H/T Bearing Arms.
Bravo to Johnson County Sheriff Duane Burgess and the county commissioners for taking this stand.
Sometimes, there’s just not much folks in rural communities can do. If you’ve got large urban centers dominating the political landscape of your state, you may not be able to stop the enactment of draconian gun control laws. You’re just too outnumbered to stop it. Legal challenges become an option, to be sure, but if those urban centers dominate the state, they probably dominate the court system as well. Challenges may not go the way you hope.
So what do those rural and suburban communities do?
Well, they can do what many other communities have done. They can do pretty much what an Indiana sheriff has said he plans to do.
The county commissioners and Sheriff Duane Burgess stopped short of declaring Johnson County a Second Amendment sanctuary, but declared that county resources would not be used to enforce laws that infringe on gun rights.
Burgess was asked by residents to clarify his stance on the issue, so he put his thoughts to paper in a legal document as a promise to county residents, he said.
“The people have rights and must be protected, and people must know where their elected sheriff and officials stand,” Burgess said. “People have the right to protect themselves and their property. They have the right to keep and bear arms.”
Locally, the ordinance declares, “Johnson County shall be a county in which the Constitutional right to keep and bear arms is deeply honored and protected against unlawful infringement; and that the Johnson County Commissioners and Johnson County Sheriff hereby declare their opposition to any law or regulation that unlawfully infringes upon the right to keep and bear arms, and it shall, therefore, be the policy of the Johnson County commissioners and the Johnson County sheriff not to utilize county resources in a manner that unlawfully infringes upon the right to keep and bear arms.”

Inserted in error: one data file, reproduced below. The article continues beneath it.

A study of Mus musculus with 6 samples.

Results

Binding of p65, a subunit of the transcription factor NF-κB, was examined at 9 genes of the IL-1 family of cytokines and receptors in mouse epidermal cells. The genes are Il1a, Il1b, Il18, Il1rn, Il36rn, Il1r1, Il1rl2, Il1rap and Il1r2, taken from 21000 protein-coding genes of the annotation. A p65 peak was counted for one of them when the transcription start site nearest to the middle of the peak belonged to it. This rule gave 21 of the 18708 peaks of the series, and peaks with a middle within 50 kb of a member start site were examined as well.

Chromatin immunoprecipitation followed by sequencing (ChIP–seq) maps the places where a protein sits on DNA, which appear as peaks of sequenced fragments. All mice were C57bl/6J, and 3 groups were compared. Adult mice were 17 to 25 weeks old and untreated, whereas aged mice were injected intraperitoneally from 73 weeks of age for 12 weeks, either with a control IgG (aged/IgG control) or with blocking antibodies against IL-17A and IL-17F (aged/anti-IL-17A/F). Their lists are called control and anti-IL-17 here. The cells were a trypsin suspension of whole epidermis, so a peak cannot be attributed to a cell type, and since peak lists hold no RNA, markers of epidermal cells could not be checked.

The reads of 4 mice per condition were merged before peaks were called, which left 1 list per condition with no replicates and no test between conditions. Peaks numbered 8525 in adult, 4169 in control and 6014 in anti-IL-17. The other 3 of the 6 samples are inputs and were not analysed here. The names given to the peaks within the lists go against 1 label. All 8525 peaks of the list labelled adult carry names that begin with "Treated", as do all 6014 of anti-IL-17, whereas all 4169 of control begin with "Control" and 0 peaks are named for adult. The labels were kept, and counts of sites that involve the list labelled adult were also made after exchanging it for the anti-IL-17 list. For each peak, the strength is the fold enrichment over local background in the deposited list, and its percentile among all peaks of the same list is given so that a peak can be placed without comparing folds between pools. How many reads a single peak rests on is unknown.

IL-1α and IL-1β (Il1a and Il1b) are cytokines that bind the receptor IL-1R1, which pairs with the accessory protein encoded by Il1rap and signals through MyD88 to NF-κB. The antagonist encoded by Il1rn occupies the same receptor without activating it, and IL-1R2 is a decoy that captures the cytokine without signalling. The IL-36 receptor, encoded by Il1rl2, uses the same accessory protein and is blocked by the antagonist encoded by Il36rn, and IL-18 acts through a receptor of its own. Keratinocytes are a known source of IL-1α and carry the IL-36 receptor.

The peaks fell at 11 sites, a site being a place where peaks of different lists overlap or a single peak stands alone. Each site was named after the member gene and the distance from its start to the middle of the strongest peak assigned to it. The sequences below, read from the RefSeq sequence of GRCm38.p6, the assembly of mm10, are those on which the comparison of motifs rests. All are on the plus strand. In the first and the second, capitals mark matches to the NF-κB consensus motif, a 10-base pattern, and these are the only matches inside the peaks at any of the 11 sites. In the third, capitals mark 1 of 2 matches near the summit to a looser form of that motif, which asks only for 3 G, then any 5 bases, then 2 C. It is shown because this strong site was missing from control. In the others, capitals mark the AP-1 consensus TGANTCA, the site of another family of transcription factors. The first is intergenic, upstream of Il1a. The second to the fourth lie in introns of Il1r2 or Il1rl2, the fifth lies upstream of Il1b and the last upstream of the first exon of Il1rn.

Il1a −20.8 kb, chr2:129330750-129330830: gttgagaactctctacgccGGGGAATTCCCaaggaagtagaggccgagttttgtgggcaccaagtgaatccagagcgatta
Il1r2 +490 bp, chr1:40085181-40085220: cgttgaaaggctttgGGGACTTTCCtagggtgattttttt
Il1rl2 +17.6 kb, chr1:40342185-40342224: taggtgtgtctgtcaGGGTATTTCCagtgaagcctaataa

Burgess and Johnson County commissioner Brian Baird said county officials are of the opinion that additional gun rights should not be taken away, but existing gun laws will continue to be enforced. For example, Baird said the sheriff’s office would respond to and take action against individuals who possess illegal guns such as automatic weapons or those who carry a gun in public without a license.
While I’d prefer that no gun control be enforced, the truth of the matter is that most people are fine with what’s already on the books. Enforcing those laws make sense from a political standpoint, so sure. I can roll with that.
All over the nation, ordinances similar to the one above are being passed by various communities. Most of them are rural or suburban, but it highlights just how out of touch many politicians are with the rural parts of our nation. They can’t fathom a world where the police aren’t just a few minutes away, where there aren’t hundreds of police officers on duty at any given time just waiting for you to call.
Many people don’t have that option and their county lawmakers and sheriffs know that. That is a big chunk of why you’re seeing a Second Amendment sanctuary movement.